The new tax increase will be 2.78 per cent versus 2.85 per cent

City council is considering a proposed budget this week that includes a reduction in the tax increase that was arrived at during October’s budget planning meetings.

In October, council had settled on a targetted tax increase of 2.85 per cent but it wasn’t sure how it would achieve that, so it sent city staff away to come up with the necessary cuts to reach that target.

RELATED: Campbell River’s municipal tax rate to rise by 2.85% in 2021

Since then, the province has given the city a $4.6 million COVID Safe Restart Grant and the city also saw an increase in property tax revenues from new construction. With those two new sources of income, staff proposed a new budget that includes a lower tax increase than originally endorsed by council in October. The new tax increase will be 2.78 per cent versus 2.85 per cent.

Council will give first three readings of a bylaw to adopt that budget on Wednesday of this week (Dec. 9), after the Campbell River Mirror goes to press. Watch our website for the latest on that meeting.

Prior to this week’s meeting, council met Nov. 30 and discussed the impact of the COVID Safe Restart Grant and the new property tax revenues and whether to go ahead with the plan producing the 2.78 tax increase using a portion of the Safe Restart Grant and the new revenues.

Council passed a motion to do just that but it did not receive full support from all councillors. Councilors Ron Kerr, Kermit Dahl and Charlie Cornfield voted against the proposal. Those councillors raised a variety of concerns with the plan but generally felt that it was too soon to pass a financial plan and further discussion was needed taking into account the new revenues.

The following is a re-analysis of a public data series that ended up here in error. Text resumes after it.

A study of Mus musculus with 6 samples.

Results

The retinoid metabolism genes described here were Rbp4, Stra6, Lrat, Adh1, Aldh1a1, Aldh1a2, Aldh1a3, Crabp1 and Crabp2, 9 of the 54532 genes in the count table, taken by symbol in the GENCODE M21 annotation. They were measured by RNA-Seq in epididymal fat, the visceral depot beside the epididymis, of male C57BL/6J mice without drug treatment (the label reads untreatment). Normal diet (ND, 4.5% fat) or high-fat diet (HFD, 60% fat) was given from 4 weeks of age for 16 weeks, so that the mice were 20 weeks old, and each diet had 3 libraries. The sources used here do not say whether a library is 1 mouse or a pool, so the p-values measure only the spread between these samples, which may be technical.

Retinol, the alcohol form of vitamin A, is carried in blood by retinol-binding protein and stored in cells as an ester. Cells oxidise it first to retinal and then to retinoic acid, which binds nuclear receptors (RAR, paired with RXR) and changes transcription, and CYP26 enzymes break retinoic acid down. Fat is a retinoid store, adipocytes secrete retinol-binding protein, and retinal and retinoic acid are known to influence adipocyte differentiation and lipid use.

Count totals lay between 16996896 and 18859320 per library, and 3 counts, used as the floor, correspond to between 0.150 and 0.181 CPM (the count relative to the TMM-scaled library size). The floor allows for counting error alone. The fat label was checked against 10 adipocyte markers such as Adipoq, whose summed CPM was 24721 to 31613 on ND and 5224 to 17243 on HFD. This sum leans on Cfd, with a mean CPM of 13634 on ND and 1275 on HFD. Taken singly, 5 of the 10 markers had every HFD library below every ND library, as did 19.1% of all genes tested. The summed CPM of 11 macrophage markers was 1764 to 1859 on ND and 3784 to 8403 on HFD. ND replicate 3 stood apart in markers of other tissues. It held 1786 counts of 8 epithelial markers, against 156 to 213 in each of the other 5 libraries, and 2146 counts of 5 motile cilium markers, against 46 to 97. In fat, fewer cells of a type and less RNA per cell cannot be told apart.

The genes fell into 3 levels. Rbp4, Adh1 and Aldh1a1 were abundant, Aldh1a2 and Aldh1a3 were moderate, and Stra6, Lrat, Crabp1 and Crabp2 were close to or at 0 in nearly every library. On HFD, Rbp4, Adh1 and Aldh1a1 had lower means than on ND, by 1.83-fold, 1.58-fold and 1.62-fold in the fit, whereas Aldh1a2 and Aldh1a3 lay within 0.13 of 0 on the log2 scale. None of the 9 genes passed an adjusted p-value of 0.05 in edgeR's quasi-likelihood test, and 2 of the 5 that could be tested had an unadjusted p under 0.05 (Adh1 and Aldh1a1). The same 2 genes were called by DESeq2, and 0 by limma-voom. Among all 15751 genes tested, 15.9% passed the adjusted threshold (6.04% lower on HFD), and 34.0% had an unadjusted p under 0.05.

Coun. Kerr, for example, felt that council was being rushed into making a decision about how to use the Safe Restart Grant and he, in fact, made a motion to defer further discussion to a strategic committee of the whole meeting in early in 2021.

It would be “prudent to take a wait-and-see attitude before making any decision,” Kerr said.

Kerr’s motion was defeated, however, with only Dahl and Cornfield supporting it.

Cornfield at one point mused about whether the Safe Restart Grant could be used to offset a tax increase and reduce the burden on the taxpayer.

But Coun. Moglove pointed out that the intent of the grant was to replenish the monies lost from other sources of revenue. For example, one of the series of motions passed as part of this new tax increase authourized the use of up to $725,000 from the Safe Restart Grants to replenish the city’s Gaming Reserve in 2020 from lost casino revenue. That’s what the grant was intended for, she said.

“We asked the (provincial) government to please help us replenish reserves and they have,” Moglove said.

Council discussed a series of 11 recommendations by staff making up a financial plan for the 2021 budget.

One of the motions includes a deferment of further discussions on the rest of the $4.6 million Safe Restart Grants to a dedicated meeting early in the new year to consider use of the remaining provincial grant funding.

A news release containing highlights of the Nov. 30 meeting issued by the city says it “anticipates another challenging year ahead in 2021 and is working to ensure Campbell River is well-positioned to adjust as pandemic unfolds and eventually resolves.”

“With one exception, the proposed plan for 2021 preserves council’s budget decisions made in October, including more than $1.25 million in service cuts – of which $360,200 are permanent cost savings,” the city highlights say. “The proposed budget includes funding to operate the Centennial Pool in 2021 (if public health restrictions allow) as well as $69,000 for a COVID-safe by-election and a significant investment in downtown safety (select committee, matching grants for building and property improvements).

“The proposed plan also includes improvements for Campbellton that include a riverside parklette and wayfinding signs that promote safe, outdoor activity and connection to the river and natural surroundings. These projects are based on conceptual ideas developed by Vancouver Island University students with $10,000 in City funding.”